Medieval Fictions

Stuart Airlie

  • Chivalry by Maurice Keen
    Yale, 303 pp, £12.95, April 1984, ISBN 0 300 03150 5
  • The Rise of Romance by Eugène Vinaver
    Boydell, 158 pp, £12.00, February 1984, ISBN 0 85991 158 6
  • War in the Middle Ages by Philippe Contamine, translated by Michael Jones
    Blackwell, 387 pp, £17.50, June 1984, ISBN 0 631 13142 6
  • War and Government in the Middle Ages edited by John Gillingham and J.C. Holt
    Boydell, 198 pp, £25.00, July 1984, ISBN 0 85115 404 2
  • Prussian Society and the German Order by Michael Burleigh
    Cambridge, 217 pp, £22.50, May 1984, ISBN 0 521 26104 X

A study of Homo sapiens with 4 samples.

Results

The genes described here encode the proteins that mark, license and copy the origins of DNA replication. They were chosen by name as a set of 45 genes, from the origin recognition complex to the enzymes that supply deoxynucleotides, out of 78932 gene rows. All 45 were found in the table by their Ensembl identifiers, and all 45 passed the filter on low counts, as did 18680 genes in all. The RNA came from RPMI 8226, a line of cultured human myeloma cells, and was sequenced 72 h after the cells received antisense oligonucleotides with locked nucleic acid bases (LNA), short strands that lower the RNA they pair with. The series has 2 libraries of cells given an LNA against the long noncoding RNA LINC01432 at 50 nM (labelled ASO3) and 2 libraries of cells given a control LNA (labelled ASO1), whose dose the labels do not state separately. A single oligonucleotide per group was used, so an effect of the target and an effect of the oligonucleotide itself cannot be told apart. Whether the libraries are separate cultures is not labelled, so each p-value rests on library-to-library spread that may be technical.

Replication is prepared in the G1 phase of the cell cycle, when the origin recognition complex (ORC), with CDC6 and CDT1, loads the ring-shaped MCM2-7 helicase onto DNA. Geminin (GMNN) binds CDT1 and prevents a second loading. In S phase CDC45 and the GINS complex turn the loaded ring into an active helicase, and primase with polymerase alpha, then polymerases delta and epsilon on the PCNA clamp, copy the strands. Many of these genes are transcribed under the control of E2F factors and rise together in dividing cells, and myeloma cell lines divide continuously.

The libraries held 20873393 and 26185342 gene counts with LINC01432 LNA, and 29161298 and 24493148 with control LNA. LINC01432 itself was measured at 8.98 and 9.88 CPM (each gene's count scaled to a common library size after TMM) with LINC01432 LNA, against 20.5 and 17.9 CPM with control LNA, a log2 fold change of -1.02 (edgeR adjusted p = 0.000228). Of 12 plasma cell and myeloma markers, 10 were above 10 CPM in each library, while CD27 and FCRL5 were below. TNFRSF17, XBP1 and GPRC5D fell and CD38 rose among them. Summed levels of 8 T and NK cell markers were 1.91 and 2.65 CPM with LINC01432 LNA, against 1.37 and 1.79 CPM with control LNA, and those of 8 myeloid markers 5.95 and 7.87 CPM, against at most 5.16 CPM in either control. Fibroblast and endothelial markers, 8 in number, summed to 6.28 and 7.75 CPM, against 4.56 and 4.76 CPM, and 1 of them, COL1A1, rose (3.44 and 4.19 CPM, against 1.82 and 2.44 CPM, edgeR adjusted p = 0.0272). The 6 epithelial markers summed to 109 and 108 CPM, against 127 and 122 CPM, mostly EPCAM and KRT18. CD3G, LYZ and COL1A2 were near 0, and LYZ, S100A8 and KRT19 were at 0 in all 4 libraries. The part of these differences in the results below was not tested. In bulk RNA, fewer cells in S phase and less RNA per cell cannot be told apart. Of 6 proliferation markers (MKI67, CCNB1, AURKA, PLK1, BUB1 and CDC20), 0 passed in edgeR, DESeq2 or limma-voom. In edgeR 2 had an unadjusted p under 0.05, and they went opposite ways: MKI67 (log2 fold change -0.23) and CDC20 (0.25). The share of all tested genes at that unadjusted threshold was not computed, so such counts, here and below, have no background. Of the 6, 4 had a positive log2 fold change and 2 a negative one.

Few images from Medieval Europe are as familiar, or as potent, as that of the armoured knight on horseback, riding off in quest of adventure. It is an image that has inspired varied imaginative treatment down to our own times, in films like John Boorman’s vulgar and energetic epic Excalibur or Bresson’s stark, pessimistic Lancelot du Lac. It is rumoured that Jancso is now preparing a film, inspired by the work of Georges Duby, of the great clash of knights at Bouvines (1214), one of the few decisive set-piece battles of the Middle Ages. Such artists, like their Romantic predecessors, find in the culture of Medieval knighthood what they want or need to find. Historians can behave like this too, as the example of Huizinga indicates, and the temptation is particularly strong for anyone trying to discover what realities underlay the gorgeous trappings of chivalry. Such trappings were part of Medieval reality and contemporaries too came under the spell of the mounted knight; the Middle Ages could succumb to its own enchantments. The historian of Medieval knighthood has to recognise the tension between aspiration and achievement that inspired and disappointed contemporary commentators, as well as to approach with imaginative sympathy that least sympathetic of human activities, war, which provided the raison d’être for the parfyt and gentle knight.